Operating an aerial lift can be a dangerous task if an individual is not properly trained or knowledgeable about how it runs. A company should first instruct their employees to undergo safety training and exams before one can operate a lift. Sitting through instructional videos, PowerPoint slide, and answering questions can be a tedious task. However, it is important for a future operator to have knowledge of how it works and what to do if the worst case scenario happens.
Once the worker becomes familiar with how an aerial lift operates on paper, the individual needs to make it clear with their managers that they comprehend the hazards, operations, safety components, and functionality of an aerial lift. The employee needs to accept the workplace regulations and standards that apply to operate this type of machinery.
Inspecting the lift before an employee operates the aerial lift is a key component before utilizing it. Running the machinery through a routine inspection helps to make clear that all parts are working at their best. It is also important to inspect the surrounding work area the aerial lift will be used in. Discovering hazards such as a slippery surface or low hanging light are factors that could play a role in a workplace accident. If the machinery itself fails an inspection piece and doesn’t run properly, informing a supervisor and taking the lift out of service until further notice is an appropriate measure.
An employee wearing the correct safety protection is another important attribute to operating an aerial lift. Wearing head protection such as a construction hard hat and strapping yourself to the lift are safety precautions. Hard hats are required at almost all active construction or work sites. Although, being strapped into the aerial lift can prevent from a potentially fatal fall. Having a firm footing on the ground surface of the lift at all times can prevent a fall if the base of the machinery were to shift suddenly.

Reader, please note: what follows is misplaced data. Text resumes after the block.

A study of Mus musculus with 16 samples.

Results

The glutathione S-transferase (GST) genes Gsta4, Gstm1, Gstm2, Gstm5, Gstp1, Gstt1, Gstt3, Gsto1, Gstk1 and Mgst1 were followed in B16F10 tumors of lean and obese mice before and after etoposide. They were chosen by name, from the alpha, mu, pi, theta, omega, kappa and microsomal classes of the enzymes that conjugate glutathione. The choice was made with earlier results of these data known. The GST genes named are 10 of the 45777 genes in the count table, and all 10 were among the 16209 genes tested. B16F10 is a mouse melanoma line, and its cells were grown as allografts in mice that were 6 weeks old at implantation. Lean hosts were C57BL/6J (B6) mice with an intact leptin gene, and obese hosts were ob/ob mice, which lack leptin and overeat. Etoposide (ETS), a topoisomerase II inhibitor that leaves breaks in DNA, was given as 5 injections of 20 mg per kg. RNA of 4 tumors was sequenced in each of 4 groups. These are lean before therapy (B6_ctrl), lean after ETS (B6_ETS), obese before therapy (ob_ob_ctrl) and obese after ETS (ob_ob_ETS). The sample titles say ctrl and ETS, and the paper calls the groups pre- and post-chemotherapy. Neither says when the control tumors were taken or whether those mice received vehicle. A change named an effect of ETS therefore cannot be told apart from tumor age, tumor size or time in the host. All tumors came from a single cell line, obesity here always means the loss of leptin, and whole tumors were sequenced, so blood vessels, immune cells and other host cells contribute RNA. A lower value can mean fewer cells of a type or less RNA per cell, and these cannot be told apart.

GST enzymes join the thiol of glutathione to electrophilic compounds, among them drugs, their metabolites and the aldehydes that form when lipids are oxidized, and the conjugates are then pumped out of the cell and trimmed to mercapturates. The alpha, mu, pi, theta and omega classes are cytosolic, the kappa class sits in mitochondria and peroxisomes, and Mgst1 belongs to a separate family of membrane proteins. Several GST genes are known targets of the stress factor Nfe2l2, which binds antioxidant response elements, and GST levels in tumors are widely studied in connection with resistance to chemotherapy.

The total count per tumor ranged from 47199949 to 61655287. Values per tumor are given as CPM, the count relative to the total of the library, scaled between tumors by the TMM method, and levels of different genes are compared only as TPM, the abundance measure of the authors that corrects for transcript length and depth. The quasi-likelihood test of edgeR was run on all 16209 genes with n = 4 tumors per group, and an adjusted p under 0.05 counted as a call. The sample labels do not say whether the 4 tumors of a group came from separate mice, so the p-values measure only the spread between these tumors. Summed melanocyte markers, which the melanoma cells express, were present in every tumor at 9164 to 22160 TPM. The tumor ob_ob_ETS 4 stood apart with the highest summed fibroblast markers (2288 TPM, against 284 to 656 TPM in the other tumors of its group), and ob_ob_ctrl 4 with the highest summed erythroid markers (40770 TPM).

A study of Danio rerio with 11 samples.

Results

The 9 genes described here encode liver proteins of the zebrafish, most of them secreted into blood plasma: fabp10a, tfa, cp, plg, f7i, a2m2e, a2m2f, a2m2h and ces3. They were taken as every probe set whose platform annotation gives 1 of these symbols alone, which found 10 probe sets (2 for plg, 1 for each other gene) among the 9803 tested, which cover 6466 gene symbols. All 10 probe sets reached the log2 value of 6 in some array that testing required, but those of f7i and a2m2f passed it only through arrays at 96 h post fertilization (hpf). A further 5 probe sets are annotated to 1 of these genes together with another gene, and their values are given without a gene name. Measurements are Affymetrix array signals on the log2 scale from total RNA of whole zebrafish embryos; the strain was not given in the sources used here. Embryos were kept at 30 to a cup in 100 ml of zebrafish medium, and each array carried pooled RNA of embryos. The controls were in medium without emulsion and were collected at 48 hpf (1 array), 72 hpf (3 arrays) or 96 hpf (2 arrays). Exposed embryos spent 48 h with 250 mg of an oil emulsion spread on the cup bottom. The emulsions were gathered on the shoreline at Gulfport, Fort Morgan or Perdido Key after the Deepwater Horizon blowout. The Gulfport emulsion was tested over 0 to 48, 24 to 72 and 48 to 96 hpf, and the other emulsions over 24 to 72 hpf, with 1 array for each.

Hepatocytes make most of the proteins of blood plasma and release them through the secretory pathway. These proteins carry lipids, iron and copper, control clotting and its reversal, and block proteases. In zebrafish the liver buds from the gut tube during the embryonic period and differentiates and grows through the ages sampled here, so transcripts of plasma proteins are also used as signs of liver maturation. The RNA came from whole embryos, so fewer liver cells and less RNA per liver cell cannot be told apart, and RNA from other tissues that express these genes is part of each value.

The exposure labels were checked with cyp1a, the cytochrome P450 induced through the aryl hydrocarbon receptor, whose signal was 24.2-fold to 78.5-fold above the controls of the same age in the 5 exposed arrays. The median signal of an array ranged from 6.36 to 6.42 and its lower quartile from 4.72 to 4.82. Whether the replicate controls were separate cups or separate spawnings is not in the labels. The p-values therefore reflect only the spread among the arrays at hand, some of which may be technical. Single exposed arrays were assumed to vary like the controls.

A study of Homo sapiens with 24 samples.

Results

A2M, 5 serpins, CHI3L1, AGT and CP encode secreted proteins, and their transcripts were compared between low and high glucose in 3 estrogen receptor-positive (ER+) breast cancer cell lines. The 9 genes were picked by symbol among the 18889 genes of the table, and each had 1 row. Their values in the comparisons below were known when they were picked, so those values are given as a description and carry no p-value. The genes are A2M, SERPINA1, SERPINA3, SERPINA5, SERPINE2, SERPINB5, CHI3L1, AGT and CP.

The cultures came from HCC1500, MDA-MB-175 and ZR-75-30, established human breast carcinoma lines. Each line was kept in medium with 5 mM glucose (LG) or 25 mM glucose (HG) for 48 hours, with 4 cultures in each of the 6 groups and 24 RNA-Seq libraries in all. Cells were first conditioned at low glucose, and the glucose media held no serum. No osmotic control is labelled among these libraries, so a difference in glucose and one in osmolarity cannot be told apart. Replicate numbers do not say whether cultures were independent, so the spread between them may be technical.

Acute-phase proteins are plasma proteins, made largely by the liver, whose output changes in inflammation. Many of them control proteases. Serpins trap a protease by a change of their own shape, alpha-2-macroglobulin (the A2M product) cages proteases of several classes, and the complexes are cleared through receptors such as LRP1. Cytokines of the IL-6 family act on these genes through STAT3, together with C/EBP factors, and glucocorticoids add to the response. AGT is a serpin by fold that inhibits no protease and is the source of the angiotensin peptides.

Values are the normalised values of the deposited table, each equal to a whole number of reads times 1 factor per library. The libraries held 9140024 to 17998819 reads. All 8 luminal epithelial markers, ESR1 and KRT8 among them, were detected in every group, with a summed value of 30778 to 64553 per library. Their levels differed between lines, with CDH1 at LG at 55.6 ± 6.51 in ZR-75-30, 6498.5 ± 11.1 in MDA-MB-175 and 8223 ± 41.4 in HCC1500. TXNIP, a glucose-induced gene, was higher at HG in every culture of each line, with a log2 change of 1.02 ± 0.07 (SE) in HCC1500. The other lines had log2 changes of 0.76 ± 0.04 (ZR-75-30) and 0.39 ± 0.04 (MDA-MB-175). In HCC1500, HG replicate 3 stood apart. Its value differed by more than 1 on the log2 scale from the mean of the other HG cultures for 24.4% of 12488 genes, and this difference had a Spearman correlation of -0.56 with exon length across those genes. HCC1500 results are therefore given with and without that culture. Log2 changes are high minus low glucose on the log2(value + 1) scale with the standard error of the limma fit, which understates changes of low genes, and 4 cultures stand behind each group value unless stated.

An individual should keep a cell phone or two-way radio on hand at all times when it is raised. If the system were to fail or if there was an issue, it is important for the workers on the ground to be informed at all times as to what is happening instead of making assumptions.
Finally, making sure the area in the lift is clear. Simple necessities such as tool boxes, miscellaneous materials, and other objects can act as tripping hazards. Removing these items from this area can prevent the possibility of a workplace accident.
Operating aerial lifts is not a task that is taught overnight. It is a lengthy process to acquire operational knowledge before hands-on work can begin. A piece of machinery such as this can pose many safety hazards, but with proper training and preparation for its use, operating an aerial lift can be successful.